The British Empire, which once covered a large part of the world, was long since dwindled away. The remnants of this empire & immense power are still self evident however if you visit institutions such as the British Museum, which still house many treasures that are the spoils from past imperial conquests. The story here focuses on some pieces from Ireland, but many other countries have similar tales to tell.
Irish Examiner 
Stolen moments in British Museum
Monday, November 04, 2013
THE British are peculiar. Their desire to conquer the world has been matched only by their obsession with bringing bits of it home with them.
By Marc O’ Sullivan, Arts Editor
Nowhere is this more evident than in the British Museum in London. Visiting it last week, my eye was drawn to a large slab of stone, about the height and width of a man, perched upon a formal plinth in the Great Court. It bore an inscription in ogham. On a plaque beneath, the crude translation of these elegant notches — read anti-clockwise — disclosed that the slab was originally raised in honour of ‘Vedac, son of Tob of the Sogain’. It was one of three 5th century ogham stones taken from Roovesmoor Rath — a ring fort outside Coachford, in West Cork — by the delightfully named General Augustus Henry Lane-Fox Pitt Rivers. He presented the group to the British Museum in 1866.
Pitt Rivers, who fought in the Crimean War, brought a scientific approach to archaeology. He catalogued all items found on digs, and not just those that seemed valuable, and his attention to detail vastly improved 19th century excavations, which had hitherto been conducted as glorified sackings.
The Roovesmoor Rath ogham stones were among more than 20,000 items of archaeological interest Pitt Rivers collected over several decades, and many of them are now housed in the museum named after him in Oxford. I’m sure he meant well in presenting the ogham stones to the British Museum, and because of his largesse many thousands, if not millions, of visitors are now aware of the ogham script, the earliest written record of the Irish language. But the stones belong in a rath in West Cork, not in a cultural institution in London.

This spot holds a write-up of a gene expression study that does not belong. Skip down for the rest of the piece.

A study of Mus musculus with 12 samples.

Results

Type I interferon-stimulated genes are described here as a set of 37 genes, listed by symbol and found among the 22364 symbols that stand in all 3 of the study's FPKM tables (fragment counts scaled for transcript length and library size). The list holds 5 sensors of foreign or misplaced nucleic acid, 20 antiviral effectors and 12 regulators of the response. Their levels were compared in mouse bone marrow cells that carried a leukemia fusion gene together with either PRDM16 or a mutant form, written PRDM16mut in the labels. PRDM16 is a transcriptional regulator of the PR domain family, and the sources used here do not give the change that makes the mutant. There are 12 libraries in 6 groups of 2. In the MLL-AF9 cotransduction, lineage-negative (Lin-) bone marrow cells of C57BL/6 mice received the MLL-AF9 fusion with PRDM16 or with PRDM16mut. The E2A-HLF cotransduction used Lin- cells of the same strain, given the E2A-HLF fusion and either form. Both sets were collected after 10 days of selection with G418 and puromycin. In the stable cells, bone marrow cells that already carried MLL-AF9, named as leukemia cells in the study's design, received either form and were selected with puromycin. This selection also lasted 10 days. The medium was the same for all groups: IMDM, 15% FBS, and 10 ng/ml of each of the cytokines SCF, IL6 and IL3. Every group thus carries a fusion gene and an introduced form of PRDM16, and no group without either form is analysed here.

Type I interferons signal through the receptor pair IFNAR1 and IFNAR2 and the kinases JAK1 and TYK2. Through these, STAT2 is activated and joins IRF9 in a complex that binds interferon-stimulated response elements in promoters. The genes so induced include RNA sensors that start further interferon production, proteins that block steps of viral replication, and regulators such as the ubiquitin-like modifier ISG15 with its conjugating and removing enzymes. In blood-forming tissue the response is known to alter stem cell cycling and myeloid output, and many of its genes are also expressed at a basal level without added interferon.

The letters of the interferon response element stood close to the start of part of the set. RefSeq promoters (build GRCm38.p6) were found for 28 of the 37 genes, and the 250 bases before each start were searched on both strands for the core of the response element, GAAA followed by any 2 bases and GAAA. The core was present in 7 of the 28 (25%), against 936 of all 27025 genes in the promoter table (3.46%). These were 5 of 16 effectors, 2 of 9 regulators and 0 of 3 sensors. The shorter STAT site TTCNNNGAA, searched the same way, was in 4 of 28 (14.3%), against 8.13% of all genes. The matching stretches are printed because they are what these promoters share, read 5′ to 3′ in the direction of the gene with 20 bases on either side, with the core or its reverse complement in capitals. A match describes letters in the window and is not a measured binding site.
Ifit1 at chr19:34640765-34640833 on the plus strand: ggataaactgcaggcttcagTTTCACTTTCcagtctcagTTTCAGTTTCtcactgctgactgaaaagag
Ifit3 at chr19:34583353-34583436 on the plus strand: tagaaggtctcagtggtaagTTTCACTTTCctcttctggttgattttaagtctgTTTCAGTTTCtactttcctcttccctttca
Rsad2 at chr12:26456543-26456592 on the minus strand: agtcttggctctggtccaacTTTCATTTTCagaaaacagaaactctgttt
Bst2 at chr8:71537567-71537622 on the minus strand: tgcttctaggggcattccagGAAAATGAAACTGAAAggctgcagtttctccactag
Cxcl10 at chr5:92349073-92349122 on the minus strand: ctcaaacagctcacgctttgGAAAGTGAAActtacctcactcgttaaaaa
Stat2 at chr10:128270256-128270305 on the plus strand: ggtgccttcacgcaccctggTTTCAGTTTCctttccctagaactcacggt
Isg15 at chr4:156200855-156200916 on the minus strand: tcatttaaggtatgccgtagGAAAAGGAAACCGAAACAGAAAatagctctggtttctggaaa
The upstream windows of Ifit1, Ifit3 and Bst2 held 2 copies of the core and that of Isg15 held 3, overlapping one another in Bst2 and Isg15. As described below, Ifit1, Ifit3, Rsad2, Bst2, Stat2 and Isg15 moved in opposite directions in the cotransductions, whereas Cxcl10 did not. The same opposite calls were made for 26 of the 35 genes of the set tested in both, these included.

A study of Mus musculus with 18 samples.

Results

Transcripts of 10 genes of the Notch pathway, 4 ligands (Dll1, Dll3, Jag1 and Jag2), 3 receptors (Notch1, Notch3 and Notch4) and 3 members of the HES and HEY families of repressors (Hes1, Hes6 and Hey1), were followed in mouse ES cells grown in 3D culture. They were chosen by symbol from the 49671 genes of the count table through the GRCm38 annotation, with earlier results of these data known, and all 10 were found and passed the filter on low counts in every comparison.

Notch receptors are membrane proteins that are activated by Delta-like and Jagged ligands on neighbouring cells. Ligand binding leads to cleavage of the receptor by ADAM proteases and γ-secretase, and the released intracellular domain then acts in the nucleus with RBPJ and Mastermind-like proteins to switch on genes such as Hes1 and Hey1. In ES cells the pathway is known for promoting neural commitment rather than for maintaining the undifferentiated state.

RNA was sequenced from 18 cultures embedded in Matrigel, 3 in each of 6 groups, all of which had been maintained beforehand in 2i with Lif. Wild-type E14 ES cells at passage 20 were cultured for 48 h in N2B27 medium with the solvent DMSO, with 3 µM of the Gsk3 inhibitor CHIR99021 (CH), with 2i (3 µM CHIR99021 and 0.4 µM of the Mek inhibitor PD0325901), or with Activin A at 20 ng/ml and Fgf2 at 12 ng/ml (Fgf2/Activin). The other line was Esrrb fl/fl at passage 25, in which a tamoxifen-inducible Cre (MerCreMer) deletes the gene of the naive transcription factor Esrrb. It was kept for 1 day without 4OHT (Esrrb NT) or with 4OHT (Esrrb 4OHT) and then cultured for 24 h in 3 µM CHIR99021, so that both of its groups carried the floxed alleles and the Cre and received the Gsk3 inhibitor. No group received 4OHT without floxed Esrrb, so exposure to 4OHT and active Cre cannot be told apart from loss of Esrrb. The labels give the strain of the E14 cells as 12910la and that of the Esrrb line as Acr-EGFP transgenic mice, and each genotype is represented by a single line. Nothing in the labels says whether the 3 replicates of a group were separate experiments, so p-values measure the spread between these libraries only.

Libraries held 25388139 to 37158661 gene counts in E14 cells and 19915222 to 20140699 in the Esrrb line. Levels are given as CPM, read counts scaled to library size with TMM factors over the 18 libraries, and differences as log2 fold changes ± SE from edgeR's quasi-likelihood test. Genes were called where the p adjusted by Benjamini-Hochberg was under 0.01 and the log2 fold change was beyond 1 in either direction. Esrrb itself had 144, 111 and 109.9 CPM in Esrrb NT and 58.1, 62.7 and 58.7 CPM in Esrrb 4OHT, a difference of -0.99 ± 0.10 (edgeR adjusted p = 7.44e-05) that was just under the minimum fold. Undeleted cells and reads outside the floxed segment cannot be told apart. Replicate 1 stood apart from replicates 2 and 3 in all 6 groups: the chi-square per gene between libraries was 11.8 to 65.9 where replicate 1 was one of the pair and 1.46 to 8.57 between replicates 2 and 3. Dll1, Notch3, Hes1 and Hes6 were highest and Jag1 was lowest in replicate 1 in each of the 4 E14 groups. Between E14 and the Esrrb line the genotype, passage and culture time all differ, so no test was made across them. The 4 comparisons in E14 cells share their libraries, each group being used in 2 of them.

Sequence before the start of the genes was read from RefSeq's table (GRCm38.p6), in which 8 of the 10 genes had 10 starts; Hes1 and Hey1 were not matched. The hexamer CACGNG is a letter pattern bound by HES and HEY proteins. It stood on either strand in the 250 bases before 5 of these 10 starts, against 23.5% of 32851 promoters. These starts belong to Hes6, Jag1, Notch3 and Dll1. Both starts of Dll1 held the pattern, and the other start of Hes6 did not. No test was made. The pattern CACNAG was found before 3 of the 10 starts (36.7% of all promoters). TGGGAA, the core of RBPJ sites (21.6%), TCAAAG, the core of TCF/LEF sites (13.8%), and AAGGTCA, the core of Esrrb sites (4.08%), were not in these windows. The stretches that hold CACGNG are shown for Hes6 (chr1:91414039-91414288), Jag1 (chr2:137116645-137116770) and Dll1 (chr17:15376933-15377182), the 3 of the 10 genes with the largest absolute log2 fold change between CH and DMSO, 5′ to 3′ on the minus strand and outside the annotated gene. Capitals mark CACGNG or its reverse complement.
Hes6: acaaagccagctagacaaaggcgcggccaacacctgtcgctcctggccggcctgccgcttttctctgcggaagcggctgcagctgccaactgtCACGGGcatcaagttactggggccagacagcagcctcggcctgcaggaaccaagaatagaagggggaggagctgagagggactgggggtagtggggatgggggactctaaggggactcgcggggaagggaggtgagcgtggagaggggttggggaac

The Great Court is home to other memorials. There is, for instance, a totem pole that was originally raised in honour of Chief Luuya’as, of the Eagle-Beaver Clan of the Nisga’a Nation, in what is now British Columbia. It is carved of red cedar wood, and is believed to date to around 1870.
The pole features a series of crests that describe legendary events in the clan’s history. The topmost carving is of a large, mythical, sharp-nosed bird. Beneath that is a thunderbird, and beneath that again is a pair of beavers, a mother and cub. At the base is a mythical sea creature, ‘Man Underneath’, shown catching a whale. A plaque states that the pole once featured an eagle on top, but this was lost “by the time of its purchase from the descendants of Chief Luuya’as in 1932.”
I’m sure the descendants of Chief Luuya’as had good reason to sell his beautiful memorial pole, and I am just as sure that it should now be given back.
Museums in Victoria and Ottawa have already committed to returning 300 items to the Nisga’a Nation, and these will be housed in the recently opened Nisga’a Museum, in the village of Laxgalts’ap, on the River Nass.
Beyond the Great Court is a series of gallery spaces. In the very first, visitors are greeted by a basalt statue from Easter Island, in the southeastern Pacific Ocean. It dates from about 1400, and is known as Hoa Hakananai’a (Stolen or Hidden Friend). It represents an ancestral figure, and was removed from a stone house in Orongo, a village at the centre of a birdman cult, which was restored in the 1970s. Anyone with a shred of sense would agree that it should be shipped back there at once.
And so it goes. Throughout the British Museum there are treasures from every corner of the world: the mummies of Egypt, robbed from the tombs of the Pharoahs; the ‘Elgin Marbles’, looted from the Parthenon in Athens; the Benin Plaques, stripped from a palace in Nigeria. Such acquisitions were once seen as a right of empire, but today they are best described as stolen goods, and all should be returned to their countries of origin.
The Greeks have not had much luck, yet, in seeking the repatriation of the Parthenon Marbles. Perhaps they have been too polite about it. This morning, I wrote to Neil MacGregor, director of the British Museum, adopting a suitably outraged tone as I demanded the immediate return of the Roovesmoor Rath ogham stones to West Cork. I will keep our readers posted on developments.